Do We Really Know and Respect our Grandparents, our Parents?

I was learning about copywriting, or writing marketing copy (which is the same thing), and he said that you shouldn’t start with the title of an article. That always made so much sense to me, I always feel restrained to make my writing fit the title that I have given it, before I even started to write.

Amazing, isn’t it? That something so simple that we were taught as young children in grade school, actually is so wrong. Then I had another thought, I know how many people say that we always learn the wrong things in grade school, when we look at things now as adults. When are children however, the world is so exciting, and if we don’t have the structure to learn, we might learn the wrong lessons!

Especially when we are learning through experience alone, we become biased and think that this has to be the right way, because it’s the only way that we have been exposed to. This has really opened my eyes, and it’s not that I never knew this simple, but tremendously effective lesson before, it’s just something that I continuously have to remind myself.

My grandmother had passed away, and there isn’t a day that goes by that I don’t ask myself “what could I have done differently?“. I am a huge fan of “House, M.D.”, and I think about my grandmother and how she always complained that things hurt, and she had dementia, that presented with hallucinations, I think it was due to years of over medicating. I always knew of her as my grandmother, she took care of us and her family. I never knew of her life before I was born. Until today my grandfather came over and talked to me a bit and spent a little time explaining things to me, about my grandmother and also Sadhguru.

My grandmother worked hard, she was one of the most educated out of her female siblings (the boys were the only one who were encouraged to go to school where they lived), she had a few jobs, and after one set back, where she wasn’t picked for a promotion at work, she quit work and stayed home to raise her kids, despite the employer begging her to come back and work. My grandmother would take 2 buses to work the night shift at a company, along airport road, from where we live thats quite a journey. She left there after two weeks to go and work for Singer, the sewing machine company. The specifics of the events are a bit fuzzy, but my grandmother was a hard worker, more than I ever realized.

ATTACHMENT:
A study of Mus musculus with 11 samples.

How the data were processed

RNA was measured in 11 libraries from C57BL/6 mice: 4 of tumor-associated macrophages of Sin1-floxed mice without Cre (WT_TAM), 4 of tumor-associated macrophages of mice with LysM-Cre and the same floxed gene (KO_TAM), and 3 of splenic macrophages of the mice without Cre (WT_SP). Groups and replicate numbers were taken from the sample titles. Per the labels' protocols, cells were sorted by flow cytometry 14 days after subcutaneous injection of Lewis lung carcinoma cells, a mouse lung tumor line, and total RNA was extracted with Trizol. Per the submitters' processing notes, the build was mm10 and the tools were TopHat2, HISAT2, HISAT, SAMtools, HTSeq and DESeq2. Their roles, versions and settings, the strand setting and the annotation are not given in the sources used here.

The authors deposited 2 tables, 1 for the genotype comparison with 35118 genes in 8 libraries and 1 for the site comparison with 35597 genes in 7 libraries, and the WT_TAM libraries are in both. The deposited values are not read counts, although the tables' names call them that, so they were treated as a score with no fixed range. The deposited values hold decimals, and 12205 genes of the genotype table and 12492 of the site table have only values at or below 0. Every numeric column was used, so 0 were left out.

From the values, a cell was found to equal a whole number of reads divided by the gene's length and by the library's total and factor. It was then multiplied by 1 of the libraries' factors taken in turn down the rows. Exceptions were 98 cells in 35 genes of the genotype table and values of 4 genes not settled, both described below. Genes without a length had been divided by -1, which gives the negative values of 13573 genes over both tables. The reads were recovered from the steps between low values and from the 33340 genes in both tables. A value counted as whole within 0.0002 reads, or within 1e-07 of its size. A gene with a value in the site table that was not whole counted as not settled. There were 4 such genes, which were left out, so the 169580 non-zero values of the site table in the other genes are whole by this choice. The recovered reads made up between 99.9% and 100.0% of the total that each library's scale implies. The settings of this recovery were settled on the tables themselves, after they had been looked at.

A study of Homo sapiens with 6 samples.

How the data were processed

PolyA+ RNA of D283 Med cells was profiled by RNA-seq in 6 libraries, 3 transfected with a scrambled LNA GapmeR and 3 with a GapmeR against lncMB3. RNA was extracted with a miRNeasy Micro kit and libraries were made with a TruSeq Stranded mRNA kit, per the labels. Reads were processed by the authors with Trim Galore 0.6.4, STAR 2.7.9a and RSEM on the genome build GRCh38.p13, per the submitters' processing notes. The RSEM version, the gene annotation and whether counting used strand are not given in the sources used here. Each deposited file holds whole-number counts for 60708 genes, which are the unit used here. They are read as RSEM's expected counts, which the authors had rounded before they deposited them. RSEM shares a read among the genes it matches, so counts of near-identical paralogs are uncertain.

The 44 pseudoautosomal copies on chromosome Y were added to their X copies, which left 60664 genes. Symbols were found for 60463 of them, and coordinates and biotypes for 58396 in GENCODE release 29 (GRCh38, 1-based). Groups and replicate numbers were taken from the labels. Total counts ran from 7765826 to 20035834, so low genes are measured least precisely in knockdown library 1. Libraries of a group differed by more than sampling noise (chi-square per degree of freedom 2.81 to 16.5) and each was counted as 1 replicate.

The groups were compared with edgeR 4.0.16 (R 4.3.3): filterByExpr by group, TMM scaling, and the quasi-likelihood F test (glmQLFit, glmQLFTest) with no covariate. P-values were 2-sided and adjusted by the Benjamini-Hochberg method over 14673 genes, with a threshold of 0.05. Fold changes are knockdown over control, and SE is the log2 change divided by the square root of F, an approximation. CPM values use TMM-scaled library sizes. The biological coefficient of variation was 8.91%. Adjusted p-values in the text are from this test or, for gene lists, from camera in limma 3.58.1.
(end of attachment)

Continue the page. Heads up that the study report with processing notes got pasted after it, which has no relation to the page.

When she was going through her illness, I offered to give her help, help get her to talk with other people, maybe learn to read braille (because she had lost her eyesight as well), but the answer was always no. Even when I talked to my relatives, it was always “no, they won’t do that”. I don’t know why, yet I didn’t push anymore. Part of me thinks that I should have pushed harder, there were other ways to live with the debilitating disease that she had, and we can alleviate some of the stress on not only her, but the person who stood by her and didn’t give her up to a nursing home, my grandfather. My mother works at a nursing home, but when I saw the reports that came out during COVID, it’s clear to me that the west treats their elderly like garbage. The only way that someone would have taken care of my grandmother the way that my grandfather, and my aunts and uncles did, would have to be in another country, or go stay at the nursing home that my mother works at.

I don’t know if you guys are just unaware, but nursing homes in Canada, particularly Ontario and Quebec, are largely garbage. There were some info graphics on nursing homes which I had shared when I wrote the article on the care which the nursing homes give our elders here in Canada and the US, so I won’t show redundant, likely outdated information. Things need to change, with everyone.